Donaco largely untouched by coronavirus outbreak
Operators of Donaco International, an Australian-listed casino group in Indochina, say they have not noticed any impact on business from novel coronavirus a Cambodia’s Star Vegas, the largest casino in Poipet, a bustling border town on the Thai border.
The outbreak of the virus, which was declared a global health emergency by the World Health Organisation, has so far killed more than 1,600 people and infected hundreds more.
The company said the border crossing from Thailand to Poipet remains open as usual.
Khmer Times reports that Donaco fears the epidemic will likely affect its operations in Cambodia if the outbreak persists.
“In the longer term, if efforts to contain the virus are unsuccessful, there is likely to be an impact on the Thai economy generally, which has a strong tourism element.
“This may lead to an overall reduction in demand from Thai visitors to the Poipet casino,” it explained.
Meanwhile, the company said the virus has already hurt its business operations in Vietnam, where it operates Aristo International Hotel in Lao Cai, Vietnam, which borders China’s Yunnan province.
“It has suffered a substantial reduction in players visiting the Aristo casino hall and a consequent reduction in gaming turnover because the border crossing at Lao Cai is currently tightly restricted, allowing through only visitors with “urgent” or “official” business reasons,” it pointed out.
For the first 11 days of February, toital casino visitors numbered 1,374, averaging about 125 per day, a 75 per cent drop from the first 11 days of January, when there were 5,510 visitors, averaging 501 a day, it noted.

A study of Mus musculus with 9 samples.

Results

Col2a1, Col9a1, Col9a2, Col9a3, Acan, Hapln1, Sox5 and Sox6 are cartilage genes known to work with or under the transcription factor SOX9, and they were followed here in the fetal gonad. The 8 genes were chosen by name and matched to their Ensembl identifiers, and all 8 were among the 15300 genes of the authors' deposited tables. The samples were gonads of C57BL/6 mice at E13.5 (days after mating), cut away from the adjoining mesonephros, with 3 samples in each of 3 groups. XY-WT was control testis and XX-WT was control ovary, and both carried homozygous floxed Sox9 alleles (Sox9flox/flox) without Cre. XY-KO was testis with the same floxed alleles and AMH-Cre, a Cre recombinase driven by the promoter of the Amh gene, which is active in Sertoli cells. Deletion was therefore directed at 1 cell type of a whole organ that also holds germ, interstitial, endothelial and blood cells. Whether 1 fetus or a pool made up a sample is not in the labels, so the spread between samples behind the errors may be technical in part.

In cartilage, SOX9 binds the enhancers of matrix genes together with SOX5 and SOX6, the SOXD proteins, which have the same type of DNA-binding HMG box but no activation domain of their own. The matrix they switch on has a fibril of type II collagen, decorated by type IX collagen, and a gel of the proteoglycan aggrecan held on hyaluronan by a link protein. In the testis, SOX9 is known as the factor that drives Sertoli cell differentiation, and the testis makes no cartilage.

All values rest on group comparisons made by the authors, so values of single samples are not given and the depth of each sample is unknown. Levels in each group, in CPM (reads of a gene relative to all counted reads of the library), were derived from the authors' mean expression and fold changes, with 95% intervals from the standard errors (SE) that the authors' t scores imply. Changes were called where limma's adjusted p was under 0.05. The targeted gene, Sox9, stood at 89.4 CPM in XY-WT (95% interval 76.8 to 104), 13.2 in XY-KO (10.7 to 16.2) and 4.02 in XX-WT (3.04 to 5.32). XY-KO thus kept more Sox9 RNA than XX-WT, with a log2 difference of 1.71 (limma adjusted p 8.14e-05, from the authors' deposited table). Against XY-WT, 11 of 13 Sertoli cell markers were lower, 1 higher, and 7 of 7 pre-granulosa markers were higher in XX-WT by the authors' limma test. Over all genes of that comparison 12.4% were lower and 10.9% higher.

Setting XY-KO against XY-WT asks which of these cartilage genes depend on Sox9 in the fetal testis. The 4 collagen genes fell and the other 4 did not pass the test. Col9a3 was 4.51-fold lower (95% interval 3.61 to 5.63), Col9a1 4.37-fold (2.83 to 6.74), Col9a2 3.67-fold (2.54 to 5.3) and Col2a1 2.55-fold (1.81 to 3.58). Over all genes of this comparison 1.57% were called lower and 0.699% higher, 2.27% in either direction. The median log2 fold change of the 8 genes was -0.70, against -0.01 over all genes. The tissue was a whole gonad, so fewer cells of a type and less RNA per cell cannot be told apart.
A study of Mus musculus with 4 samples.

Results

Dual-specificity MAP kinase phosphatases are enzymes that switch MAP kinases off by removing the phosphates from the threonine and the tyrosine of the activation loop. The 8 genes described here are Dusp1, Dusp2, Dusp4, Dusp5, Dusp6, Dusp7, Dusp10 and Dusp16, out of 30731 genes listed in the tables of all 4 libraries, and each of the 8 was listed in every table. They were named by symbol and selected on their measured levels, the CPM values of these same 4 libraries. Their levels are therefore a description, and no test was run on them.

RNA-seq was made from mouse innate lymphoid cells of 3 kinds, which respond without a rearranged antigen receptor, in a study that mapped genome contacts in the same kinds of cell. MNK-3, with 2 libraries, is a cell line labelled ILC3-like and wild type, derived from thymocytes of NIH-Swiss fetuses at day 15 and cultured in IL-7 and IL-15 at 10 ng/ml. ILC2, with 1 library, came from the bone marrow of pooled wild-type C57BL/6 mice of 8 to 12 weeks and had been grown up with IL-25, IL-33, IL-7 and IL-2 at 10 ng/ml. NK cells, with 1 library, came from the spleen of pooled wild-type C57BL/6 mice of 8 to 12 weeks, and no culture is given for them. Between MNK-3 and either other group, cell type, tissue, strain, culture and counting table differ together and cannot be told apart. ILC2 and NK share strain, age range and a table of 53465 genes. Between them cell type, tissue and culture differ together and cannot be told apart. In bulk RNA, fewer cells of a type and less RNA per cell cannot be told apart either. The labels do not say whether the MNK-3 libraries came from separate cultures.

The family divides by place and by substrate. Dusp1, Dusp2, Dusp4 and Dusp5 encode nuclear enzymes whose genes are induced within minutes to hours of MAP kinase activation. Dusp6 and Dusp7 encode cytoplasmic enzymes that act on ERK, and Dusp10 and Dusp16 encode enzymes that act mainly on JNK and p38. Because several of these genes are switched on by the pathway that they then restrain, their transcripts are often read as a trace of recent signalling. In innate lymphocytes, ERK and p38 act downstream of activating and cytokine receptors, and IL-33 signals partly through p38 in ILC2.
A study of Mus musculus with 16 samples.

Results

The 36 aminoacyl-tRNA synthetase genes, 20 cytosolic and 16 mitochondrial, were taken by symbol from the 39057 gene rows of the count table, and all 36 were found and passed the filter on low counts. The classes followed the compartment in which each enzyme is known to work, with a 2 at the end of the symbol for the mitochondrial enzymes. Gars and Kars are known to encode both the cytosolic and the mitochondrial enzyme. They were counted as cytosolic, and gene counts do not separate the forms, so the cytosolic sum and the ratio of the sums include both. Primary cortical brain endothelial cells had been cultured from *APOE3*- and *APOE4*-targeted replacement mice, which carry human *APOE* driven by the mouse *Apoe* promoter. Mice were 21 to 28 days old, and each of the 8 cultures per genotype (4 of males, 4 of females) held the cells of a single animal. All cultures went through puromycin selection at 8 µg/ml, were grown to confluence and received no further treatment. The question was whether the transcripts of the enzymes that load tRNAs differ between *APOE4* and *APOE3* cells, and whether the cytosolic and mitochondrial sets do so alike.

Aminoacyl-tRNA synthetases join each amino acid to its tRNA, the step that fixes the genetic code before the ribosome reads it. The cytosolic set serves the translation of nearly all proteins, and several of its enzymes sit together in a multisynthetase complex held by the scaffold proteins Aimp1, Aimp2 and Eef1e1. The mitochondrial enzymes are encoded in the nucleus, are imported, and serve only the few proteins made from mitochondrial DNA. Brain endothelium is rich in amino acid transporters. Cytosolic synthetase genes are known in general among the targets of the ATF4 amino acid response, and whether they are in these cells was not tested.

Macau quiet amid coronavirus outbreak
Macau is usually bustling with gamblers during China’s Lunar New Year holiday but the flood of tourists has been reduced to a trickle this year as fears grew over coronavirus.
Yahoo News reported earlier this month that the number of visitors to the world’s largest casino hub has plunged nearly 80 per cent in the past week, transforming the city into a shadow of its former self.
As the only place in China that allows gambling, the former Portuguese colony is normally a huge draw for people from other parts of the country.
But on the sixth day of the holiday, only several dozen people were seen at the usually teeming ruins of the 17th-century St Paul’s church – a tourist hotspot.
Most wore surgical masks as a preventative measure against the novel coronavirus, which has infected almost 12,000 people across the nation.
“Everyone is wearing a mask. It is not convenient to take pictures – we dare not remove the masks,” 23-year-old Wei I Ting, a tourist from Taiwan told AFP.
Shotah Zhang, who owns a pastry shop, said he was worried about he future of his business.
“As you can see, almost no one is here. We have quite a big problem because we are a small business,” Zhang said.
The outbreak is dealing a heavy blow to Macau’s economy, which has bet most of its chips on gambling and tourism.
Figures from January show gaming revenue fell 11.3 per cent on the same month last year.
The city had confirmed seven cases of the virus as of Saturday and authorities have announced measures to curb its spread, including temperature checks and mandatory health declarations for visitors at the border with mainland China.
In casinos, all staff have been ordered to wear masks and temperature checks are being carried out at entrances.
The government has also banned anyone who has visited Hubei province – the epicentre of the outbreak – from entering the casinos altogether.
But a 24-year-old marketing supervisor for a coffee shop was more hopeful.
“We believe after the virus is gone, customers will come back,” she said.
Macau’s streets have been left empty due to fears over the coronavirus.
At casinos, all staff have been ordered to wear masks and temperature checks are being carried out at entrances.